Technical courses following the dodo

They’re just not that useful anymore. Once in a while, I’m notified through the company grapevine to go look at some of the available courses. When I’m free (or bored), I’ll glance at the list of technical courses. Boring. Boring. Know that already. Boring. Hmm, interesting, but it’ll never get approved. Know that already. Ok, done, didn’t find any courses I want to attend. Delete email notification.

Dated by the time they’re born

Technology moves fast. By the time that technological knowledge is condensed into a formal course structure, it’s already old. For example, by the time I was slated to go for my ASP.NET 1.1 course, the .NET framework 3.5 was on the horizon.

The technology had to be out and be stable before the company (or department) adopts it. Then there’s budget constraints. Then there’s personnel quota. By the time I get to go for a course, it’s old news. Worse yet, I’ve already mastered practically everything I need on that topic through personal trial and error and Google.

Do you know why cutting edge technology is cutting edge? Because it’s not done before. And if it’s course material, it’s already been done.

Broad basics

They assume you’re a novice. I’m not a novice. If you’re a polymath programmer, you’re not a novice too. If you’re even just a moderately proficient programmer, you’re not a novice too.

Much of the course material can be skipped or at least covered at a quick pace. They never seem to have enough time to cover the advanced material. You don’t need the basic stuff, that’s what reference books are for.

“Oh, you want to know the advanced stuff? We have an advanced course on that.”

I went on that advanced course. And I knew everything covered in that course. Oh wait, there’s that last bit on the last day that seemed useful. On second thought, nah, I knew that too. I was bored out of my mind, crying silently in my heart about the loss of those few days.

I want it now!

As a professional programmer, you’re in a hurry. There’s a deadline. There’s no time to go for a course and then find that you’ve learned nothing that can help you in your current project.

Due to budget and time constraints, you turn to the Internet. Technical and programming forums, discussion groups and blogs. The search engine becomes your best friend. Solving your technical or programming problem becomes thinking up search phrases that gives you the answer within the first few search result pages.

Change, or fade into history

Specific problems arise because of the inability to combine several disciplines together. Suppose you need to grab some data from an HTML page using C# and you figured regular expressions would be useful. You don’t need a full course on HTML. You don’t need a full course on C#. And you certainly don’t need a full course on regular expressions.

You need to know how you can combine your knowledge of HTML, C# and regular expressions together to form a solution.

I don’t have an answer to this. It’s not cost effective for courses to pull in knowledge from other disciplines. It’s not useful for courses not to pull in knowledge. For now, I’ll still rely on programming forums such as Dream In Code and communities like stackoverflow.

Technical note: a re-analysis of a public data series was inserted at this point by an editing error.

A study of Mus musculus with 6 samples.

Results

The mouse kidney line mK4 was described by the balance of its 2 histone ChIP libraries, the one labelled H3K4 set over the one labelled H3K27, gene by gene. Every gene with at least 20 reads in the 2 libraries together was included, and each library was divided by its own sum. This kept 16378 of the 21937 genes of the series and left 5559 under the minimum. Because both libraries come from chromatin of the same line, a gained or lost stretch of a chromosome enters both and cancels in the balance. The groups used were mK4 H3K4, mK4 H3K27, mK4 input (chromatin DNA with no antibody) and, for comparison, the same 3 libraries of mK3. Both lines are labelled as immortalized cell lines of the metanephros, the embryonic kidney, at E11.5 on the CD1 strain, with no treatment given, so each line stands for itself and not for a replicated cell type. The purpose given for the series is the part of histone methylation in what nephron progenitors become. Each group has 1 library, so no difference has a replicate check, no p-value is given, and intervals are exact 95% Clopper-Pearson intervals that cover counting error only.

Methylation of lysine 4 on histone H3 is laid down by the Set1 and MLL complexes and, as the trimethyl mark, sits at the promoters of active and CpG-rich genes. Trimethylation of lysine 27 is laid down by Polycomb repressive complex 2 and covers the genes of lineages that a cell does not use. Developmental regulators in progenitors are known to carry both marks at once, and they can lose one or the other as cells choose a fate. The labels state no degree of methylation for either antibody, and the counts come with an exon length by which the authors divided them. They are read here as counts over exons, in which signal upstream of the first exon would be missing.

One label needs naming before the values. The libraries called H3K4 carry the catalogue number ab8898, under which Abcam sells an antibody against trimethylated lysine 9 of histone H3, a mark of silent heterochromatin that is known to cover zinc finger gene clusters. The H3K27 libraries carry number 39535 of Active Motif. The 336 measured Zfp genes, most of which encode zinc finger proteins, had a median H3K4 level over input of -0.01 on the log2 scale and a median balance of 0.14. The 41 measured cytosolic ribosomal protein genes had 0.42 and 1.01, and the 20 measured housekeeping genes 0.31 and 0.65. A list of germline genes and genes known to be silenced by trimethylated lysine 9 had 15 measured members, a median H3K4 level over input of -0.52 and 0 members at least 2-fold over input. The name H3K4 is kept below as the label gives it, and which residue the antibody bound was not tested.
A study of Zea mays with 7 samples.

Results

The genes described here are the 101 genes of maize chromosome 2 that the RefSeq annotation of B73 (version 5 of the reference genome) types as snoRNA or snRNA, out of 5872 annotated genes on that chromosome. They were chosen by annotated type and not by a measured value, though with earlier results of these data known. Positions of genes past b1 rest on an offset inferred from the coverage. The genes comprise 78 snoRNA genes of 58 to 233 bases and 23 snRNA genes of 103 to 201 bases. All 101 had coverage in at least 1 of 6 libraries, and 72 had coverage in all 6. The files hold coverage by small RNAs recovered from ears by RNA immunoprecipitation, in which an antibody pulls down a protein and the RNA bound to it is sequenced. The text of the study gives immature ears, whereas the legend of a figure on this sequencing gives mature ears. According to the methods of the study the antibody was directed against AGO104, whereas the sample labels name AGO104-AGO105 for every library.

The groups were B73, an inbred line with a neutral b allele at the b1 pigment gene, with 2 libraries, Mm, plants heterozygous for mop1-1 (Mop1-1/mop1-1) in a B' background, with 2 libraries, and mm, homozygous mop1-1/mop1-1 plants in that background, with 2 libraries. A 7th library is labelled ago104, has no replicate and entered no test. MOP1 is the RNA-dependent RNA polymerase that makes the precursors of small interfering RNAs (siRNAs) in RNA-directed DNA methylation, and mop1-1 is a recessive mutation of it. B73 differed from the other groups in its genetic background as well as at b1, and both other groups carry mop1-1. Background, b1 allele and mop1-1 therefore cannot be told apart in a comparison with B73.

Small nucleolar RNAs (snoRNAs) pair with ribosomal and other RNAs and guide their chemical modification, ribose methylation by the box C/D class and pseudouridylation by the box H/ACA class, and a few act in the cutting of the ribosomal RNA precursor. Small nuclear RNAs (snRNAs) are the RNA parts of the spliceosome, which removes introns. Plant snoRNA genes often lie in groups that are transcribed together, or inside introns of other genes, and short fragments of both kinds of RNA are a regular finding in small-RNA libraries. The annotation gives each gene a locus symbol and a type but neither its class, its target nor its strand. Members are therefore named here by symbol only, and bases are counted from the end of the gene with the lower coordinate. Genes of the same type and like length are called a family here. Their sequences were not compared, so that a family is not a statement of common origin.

1. Ben Barden

    When I worked for a large company I discovered exactly what you mention in your post.

    For the training centre, a follow-up course means more money from attendees who go on both… but if the first course is no good and the second isn’t much better, people aren’t exactly going to recommend the courses to their colleagues.

    I think the training people should be thinking about who they are trying to appeal to. The problem is that all the courses are pitched at the same level. My first course (when I was a trainee programmer) was really tough to follow. As I gained more skills, the courses became easier and easier. In the end, they just weren’t worth going on. I could teach myself pretty much the entire course, and the rest I had no use for, which is why I didn’t learn it for myself.

    The flip side is when someone goes on a course, doesn’t use the technology at all, then goes on a follow-up and is totally confused by it all. They come back and their boss assumes they can now code in that language. They fall flat on their faces when they do their first job and might not get another chance to improve. This happened to me when I learned SQL and didn’t have any work to do on it for a long time, then I went on a PL/SQL follow-up course and only just scraped the entry requirements. I am quite good with SQL now and a PL/SQL course could help me greatly if I were to retake it at this stage in my career… but it was useless when I first went on the course.

    Sometimes people like to hear that you’ve been on a course. It’s like getting a degree and taking your first job but having no idea how the business world works. Personally I find that learning through hands-on experience is a far more effective way of picking up skills.

  2. Vincent Tan

    You’re right. The trainers should be concerned about the people they’re targeting. Sometimes I wonder if they’re more interested in deepening their coffers…

    You’re right on that expert thing too. Most people don’t suddenly become experts after they go on courses. A 3-day cram course doesn’t make a person an expert, especially if that person cannot relate the knowledge into practical terms. It’ll just be eye-opening, if at all.